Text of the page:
Yesterday’s report by The Intercept hit the information security community like a ton of bricks, as a set of documents from Edward Snowden’s trove indicate that the US NSA and the UK GHCQ have managed to compromise the networks of Dutch SIM card manufacturer Gemalto and acquire encryption keys that protect the privacy of cellphone communications of millions of users around the globe.
Intelligence agencies in possession of these keys would be able to eavesdrop on voice calls, text messages and Internet activities of users who’s mobile phones work with one of these SIM cards, without the need to break the crypto that protects them and without requiring mobile network operators to give them the required access to do so.
Gemalto is one of the biggest chip makers in the world, and provides them to over 450 wireless network providers around the world, including the US.
The attack, mounted together by the two security agencies, was allegedly successfully executed in 2010, and the attackers managed to hide any evidence of them having been inside the company’s network. Most of the keys were stolen by compromising email accounts of employees of Gemalto and mobile network operators, as the encryption keys for the SIMs are often sent via email or through FTP.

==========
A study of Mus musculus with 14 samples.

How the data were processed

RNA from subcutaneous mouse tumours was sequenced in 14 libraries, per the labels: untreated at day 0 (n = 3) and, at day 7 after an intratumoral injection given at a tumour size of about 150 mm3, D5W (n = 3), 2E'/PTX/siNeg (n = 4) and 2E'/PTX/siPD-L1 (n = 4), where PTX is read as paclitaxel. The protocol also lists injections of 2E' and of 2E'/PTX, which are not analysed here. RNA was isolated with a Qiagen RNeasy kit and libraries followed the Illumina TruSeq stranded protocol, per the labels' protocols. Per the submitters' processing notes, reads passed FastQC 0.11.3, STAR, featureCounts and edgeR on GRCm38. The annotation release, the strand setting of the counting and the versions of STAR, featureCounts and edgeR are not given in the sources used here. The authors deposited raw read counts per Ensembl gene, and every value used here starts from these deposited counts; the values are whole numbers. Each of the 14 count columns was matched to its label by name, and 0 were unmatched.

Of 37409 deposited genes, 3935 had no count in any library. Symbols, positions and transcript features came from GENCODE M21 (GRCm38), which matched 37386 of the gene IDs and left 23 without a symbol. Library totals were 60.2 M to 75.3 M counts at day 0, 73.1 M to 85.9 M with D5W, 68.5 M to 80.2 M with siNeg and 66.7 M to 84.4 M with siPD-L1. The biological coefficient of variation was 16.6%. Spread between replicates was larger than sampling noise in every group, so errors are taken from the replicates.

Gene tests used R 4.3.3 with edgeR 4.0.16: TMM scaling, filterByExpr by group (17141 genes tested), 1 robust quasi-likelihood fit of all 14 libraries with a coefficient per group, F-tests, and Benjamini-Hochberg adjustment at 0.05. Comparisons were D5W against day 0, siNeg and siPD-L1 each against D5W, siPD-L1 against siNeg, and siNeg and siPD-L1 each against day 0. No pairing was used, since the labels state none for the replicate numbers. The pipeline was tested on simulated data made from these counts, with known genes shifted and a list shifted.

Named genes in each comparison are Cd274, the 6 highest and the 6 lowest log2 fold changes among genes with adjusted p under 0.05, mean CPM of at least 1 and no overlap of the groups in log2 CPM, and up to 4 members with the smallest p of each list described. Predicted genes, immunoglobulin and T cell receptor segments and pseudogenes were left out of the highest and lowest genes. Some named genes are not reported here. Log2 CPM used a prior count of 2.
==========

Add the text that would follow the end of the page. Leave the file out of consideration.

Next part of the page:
To say that the report shocked Gemalto would be an understatement.
“The most important thing for me is to understand exactly how this was done, so we can take every measure to ensure that it doesn’t happen again, and also to make sure that there’s no impact on the telecom operators that we have served in a very trusted manner for many years,” Paul Beverly, a Gemalto executive vice president, commented for The Intercept. “What I want to understand is what sort of ramifications it has, or could have, on any of our customers.”
The company has released a statement today saying that they “will devote all resources necessary to fully investigate and understand the scope” of the breach.
“The publication indicates the target was not Gemalto per se – it was an attempt to try and cast the widest net possible to reach as many mobile phones as possible, with the aim to monitor mobile communications without mobile network operators and users consent. We cannot at this early stage verify the findings of the publication and had no prior knowledge that these agencies were conducting this operation,” they noted, adding that over the years they have detected and mitigated many types of hacking attempts, but that they currently “cannot prove a link between those past attempts and what was reported yesterday.”
In the meantime, the report has affected the company and its investors deeply, as its shares took a 7.5 percent hit in the wake of the publication of the report.
According to the leaked document, the GCHQ was also preparing to target German SIM card manufacturer Giesecke and Devrient with a similar attack.